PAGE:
A firmware update released a few weeks ago by Rockwell Automation for its MicroLogix 1400 programmable logic controllers (PLCs) patches a potentially serious vulnerability.
The MicroLogix PLC family is used worldwide by organizations in the critical infrastructure, food and agriculture, and water and wastewater sectors for controlling processes.
Thiago Alves from the University of Alabama in Huntsville (UAH) discovered that these controllers are affected by a buffer overflow vulnerability. In 2016, Alves and two other UAH researchers published a paper on using virtual testbeds for industrial control systems (ICS).
According to Rockwell Automation, the expert discovered that several MicroLogix 1400 PLCs running version 21.002 and earlier of the firmware are affected by a buffer overflow vulnerability that can be triggered by sending specially crafted Modbus TCP packets to affected devices. The flaw can be exploited remotely by an unauthenticated attacker.
“The Modbus buffer is not deallocated when a packet exceeds a specific length. Repeated sending of Modbus TCP data can cause a denial of service to the Modbus functionality, and potentially cause the controller to fault,” the vendor explained.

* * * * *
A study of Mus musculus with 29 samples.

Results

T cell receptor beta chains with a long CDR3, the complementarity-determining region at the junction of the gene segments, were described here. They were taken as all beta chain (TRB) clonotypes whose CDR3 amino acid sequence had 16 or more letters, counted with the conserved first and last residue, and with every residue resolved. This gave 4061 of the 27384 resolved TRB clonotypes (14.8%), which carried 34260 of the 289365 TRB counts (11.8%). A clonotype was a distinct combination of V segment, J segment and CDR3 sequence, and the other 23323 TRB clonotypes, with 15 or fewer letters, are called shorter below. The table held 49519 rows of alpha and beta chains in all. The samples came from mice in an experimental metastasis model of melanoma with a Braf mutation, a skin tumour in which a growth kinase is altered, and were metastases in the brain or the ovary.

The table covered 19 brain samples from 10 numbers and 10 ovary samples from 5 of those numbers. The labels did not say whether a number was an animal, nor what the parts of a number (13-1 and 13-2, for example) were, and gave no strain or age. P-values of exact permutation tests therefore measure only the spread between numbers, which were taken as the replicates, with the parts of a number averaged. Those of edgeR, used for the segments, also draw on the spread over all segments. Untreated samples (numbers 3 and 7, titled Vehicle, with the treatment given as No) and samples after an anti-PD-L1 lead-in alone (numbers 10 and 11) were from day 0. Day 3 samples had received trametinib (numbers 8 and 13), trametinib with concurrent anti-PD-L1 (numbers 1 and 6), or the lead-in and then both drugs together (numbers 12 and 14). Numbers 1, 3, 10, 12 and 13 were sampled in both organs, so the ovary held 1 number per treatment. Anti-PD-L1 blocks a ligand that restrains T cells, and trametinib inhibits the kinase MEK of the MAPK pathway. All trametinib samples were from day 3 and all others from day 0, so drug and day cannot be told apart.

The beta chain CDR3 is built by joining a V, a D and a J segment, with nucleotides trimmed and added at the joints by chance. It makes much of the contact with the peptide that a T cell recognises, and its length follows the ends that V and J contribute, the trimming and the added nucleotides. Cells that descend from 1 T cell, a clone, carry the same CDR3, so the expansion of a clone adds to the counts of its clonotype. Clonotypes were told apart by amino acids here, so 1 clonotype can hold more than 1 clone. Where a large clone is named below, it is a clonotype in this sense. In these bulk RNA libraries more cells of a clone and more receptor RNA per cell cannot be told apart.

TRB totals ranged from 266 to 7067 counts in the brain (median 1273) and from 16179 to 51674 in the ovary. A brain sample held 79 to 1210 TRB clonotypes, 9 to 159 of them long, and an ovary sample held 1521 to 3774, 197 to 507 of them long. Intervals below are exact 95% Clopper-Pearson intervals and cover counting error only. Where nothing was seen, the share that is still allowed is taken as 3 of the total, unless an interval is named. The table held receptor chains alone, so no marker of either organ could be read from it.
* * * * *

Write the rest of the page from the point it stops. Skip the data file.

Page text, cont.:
The security hole is tracked as CVE-2017-16740 and it has been classified by both Rockwell and ICS-CERT as high severity with a CVSS score of 8.6. While Rockwell’s advisory only mentions DoS attacks, ICS-CERT’s advisory says it may also be possible to exploit the flaw for remote code execution.
Rockwell Automation patched the vulnerability last month with the release of firmware version 21.003 for series B and series C hardware. As a workaround, users can disable Modbus TCP support if it’s not needed, which prevents remote access to the device.
Last month, after discovering a serious DoS vulnerability in several product lines from Siemens, experts at industrial cybersecurity firm CyberX pointed out that these types of flaws should not be taken lightly.
“The December 2016 attack on the Ukrainian electrical grid used this type of exploit to disable protection relays and make it more difficult for operators to recover,” the company told SecurityWeek at the time.